What do people who follow the paleo diet recommend when it comes time to feed your baby rice cereal. As alot of us know in the American culture this is our babies first meal. Help!!?
My baby's first food was bananas, then avocado and sweet potatoes. There's no need to feed a baby rice cereal; it's just sort of the status quo, like jarred baby food, which is completely unnecessary. My baby never had any jarred baby food -- I just mashed up real food.
You might want to look into baby-led weaning (http://www.babyledweaning.com/) - some people don't even feed their babies mushed-up food at all.
I started my son on egg yolks when he got his first teeth and seemed very interested in food. Here is an article by Sally Fallon and Mary Enig on feeding babies. http://www.westonaprice.org/childrens-health/feeding-babies
I never fed mine cereals.They started out with breast milk, and when they were ready for solid foods, they got purees of things like winter squash, mashed egg yolks, sweet potatoes, or whatever we were having for dinner, run through a mini grinder. Mine started eating food late, though -- none of them started solid foods till after 6 months, and my daughter didn't want to start eating solid food till closer to 9 months. Most of my colleages when I was a midwife taught that you'd know when a baby was ready for solid foods.. 'cause they'd snatch it off your plate and eat it before you could stop 'em. chuckles That's how it went with mine... they grabbed stuff off my plate, and that's what we ground up or mashed up for them to eat. Even after they started solid food, there were a lot of days that all they wanted was the breast, and we were good with that. They've all grown up strong, and are healthier than most of their peers, so I don't think missing rice cereal hurt them any.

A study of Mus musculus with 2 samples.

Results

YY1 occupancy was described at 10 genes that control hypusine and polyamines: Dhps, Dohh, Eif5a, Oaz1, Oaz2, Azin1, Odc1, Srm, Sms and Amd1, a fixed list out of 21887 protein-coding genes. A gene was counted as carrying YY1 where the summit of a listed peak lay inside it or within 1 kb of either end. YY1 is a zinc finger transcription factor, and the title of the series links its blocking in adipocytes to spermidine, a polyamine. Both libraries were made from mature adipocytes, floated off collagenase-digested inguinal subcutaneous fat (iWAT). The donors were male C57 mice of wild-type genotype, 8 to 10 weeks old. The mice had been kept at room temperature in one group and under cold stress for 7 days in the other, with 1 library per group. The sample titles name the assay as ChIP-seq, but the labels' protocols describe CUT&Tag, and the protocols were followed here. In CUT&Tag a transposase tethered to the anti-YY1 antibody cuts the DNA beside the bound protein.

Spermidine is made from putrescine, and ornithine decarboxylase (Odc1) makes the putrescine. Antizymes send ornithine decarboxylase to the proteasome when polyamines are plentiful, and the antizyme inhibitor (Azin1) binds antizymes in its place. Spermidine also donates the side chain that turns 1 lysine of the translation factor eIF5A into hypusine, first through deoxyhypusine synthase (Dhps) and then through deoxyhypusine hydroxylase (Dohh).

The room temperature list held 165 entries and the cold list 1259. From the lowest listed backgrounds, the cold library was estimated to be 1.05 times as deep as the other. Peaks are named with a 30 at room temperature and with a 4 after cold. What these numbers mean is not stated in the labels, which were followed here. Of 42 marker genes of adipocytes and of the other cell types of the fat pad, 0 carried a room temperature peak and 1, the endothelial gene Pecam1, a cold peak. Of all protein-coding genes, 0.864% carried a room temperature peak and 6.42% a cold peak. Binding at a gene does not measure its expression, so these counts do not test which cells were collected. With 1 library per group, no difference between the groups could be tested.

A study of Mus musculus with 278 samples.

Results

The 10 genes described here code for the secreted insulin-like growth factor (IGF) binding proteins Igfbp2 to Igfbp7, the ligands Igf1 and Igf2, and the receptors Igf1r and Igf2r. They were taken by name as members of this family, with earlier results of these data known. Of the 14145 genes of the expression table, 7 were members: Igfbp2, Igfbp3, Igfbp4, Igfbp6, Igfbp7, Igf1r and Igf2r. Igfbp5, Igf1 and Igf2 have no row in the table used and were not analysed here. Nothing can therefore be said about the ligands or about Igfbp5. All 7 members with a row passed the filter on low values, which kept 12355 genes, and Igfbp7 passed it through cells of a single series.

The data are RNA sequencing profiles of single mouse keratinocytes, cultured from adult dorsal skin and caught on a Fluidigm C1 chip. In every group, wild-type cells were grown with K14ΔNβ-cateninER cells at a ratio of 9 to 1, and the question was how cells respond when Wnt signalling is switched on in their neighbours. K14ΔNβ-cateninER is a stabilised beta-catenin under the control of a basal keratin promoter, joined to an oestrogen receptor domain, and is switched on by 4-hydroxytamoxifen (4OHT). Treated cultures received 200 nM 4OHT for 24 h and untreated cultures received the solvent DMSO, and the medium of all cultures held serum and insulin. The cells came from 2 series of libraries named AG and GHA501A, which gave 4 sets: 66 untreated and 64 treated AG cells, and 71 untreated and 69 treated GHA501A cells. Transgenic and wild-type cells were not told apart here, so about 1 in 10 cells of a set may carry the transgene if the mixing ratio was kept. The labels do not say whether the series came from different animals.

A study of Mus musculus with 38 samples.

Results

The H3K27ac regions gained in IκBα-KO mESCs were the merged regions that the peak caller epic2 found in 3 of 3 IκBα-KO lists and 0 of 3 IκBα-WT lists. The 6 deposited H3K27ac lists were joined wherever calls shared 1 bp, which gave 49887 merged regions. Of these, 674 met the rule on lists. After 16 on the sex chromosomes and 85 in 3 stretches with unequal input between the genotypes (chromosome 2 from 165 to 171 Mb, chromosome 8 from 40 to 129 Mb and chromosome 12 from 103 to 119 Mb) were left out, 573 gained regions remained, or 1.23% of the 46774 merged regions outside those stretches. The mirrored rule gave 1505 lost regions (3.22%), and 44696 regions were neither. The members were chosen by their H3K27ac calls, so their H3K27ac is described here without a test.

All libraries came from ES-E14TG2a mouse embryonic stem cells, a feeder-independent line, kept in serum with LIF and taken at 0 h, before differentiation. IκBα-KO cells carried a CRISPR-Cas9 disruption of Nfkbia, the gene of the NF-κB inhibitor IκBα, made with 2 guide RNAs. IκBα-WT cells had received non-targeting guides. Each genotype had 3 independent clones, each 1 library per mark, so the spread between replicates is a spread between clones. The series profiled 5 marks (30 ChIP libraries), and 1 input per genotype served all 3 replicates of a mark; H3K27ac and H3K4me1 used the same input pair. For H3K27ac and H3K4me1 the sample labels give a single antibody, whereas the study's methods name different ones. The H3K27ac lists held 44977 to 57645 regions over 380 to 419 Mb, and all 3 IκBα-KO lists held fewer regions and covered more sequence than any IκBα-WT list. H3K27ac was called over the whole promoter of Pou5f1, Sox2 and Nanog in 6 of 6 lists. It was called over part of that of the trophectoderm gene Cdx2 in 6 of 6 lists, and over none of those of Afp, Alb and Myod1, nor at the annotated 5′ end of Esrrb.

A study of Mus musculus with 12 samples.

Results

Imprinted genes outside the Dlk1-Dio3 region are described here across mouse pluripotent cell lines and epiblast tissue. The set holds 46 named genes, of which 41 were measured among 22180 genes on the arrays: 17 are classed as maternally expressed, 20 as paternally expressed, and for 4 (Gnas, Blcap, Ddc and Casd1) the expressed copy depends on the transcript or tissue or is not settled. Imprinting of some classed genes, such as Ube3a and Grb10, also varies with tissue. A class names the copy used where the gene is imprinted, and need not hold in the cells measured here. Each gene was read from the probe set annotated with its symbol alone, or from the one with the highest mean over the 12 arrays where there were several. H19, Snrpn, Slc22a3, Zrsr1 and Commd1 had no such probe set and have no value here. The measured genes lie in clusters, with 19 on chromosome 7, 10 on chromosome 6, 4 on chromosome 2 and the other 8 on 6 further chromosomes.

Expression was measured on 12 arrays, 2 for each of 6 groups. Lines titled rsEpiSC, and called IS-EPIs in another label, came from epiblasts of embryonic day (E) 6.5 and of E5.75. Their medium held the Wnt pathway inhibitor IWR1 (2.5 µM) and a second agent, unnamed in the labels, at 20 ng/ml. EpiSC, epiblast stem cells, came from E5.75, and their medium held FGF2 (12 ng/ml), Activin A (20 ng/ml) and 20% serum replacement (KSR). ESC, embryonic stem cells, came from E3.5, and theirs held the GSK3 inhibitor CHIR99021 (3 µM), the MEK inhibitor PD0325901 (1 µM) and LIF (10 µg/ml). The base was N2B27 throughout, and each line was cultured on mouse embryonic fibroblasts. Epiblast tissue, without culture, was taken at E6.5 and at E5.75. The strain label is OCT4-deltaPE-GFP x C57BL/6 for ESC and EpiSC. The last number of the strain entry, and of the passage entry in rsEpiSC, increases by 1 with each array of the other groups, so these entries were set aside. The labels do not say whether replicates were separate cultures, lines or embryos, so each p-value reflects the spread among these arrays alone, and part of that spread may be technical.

I never fed any of my kids rice cereal or any other kind of packaged baby food either. They all went straight to table food while continuing to breastfeed. I wasn't paleo at the time, just cheap. It made no sense to me to pay all that money for little jars of pureed nastiness when we had plenty of delicious healthy food on our table already.
My little guy hated the rice cereal - so that was easy. He LOVED yams, sweet potatoes, acorn squash, avocado, turnips etc. With all I steamed them and then mashed them up with butter. And then after a couple of months when he seemed like he wanted to feed himself I would steam broccoli or make sweet potato 'fries' and let him try to eat them.
Don't listen to conventional wisdom - you'r doc may try to force that stuff down your throat, but if you repeatedly bring in a healthy baby he or she will change their tune!
Babies don't create the enzyme amylase, which breaks down starch till they're over a year old. Bananas contain that enzyme so they are an acceptable first starch for the under 1 set. Rice is totally inappropriate for infants. IMHO fruit and veggies are much better sources of carbs for little ones... And obviously breast milk.
I wonder if the main reason rice cereal is recommended is just because its a milder version of the junk older kids and adults will most likely eat, so why not get them used to it. Other than that, I don't see a reason for rice cereal.
for our 9 month old the mainstays have been pastured egg yolks (this was the first solid food basically), beef liver, avocado, broccoli and other veggies, tubers, ghee, coconut milk kefir, coconut oil, cod liver oil, chicken breast, sardines (starting around 8 months), bone broth, papaya, banana (nanners!), and little tastes of whatever meats we might be eating. she enjoys most all of what we offer, or if not its just getting the right mix mashed.
it's pretty cheap and easy to mash up real nutrient dense foods from your own food supply, and especially mobile if you get these:
Here's what I did with my last baby.
Not speaking for paleo in general, but with my latest child, now 17 months, I started sharing broth with him, or juices from my meat, when he started asking for it (about 4 months old iirc). Over a couple of months this morphed to sharing my meat with him by chewing for him, or mincing finely, then added yogurt and eggs, and gave him jerky to chew. He now eats mostly meat, with occasional vegetables or fruit.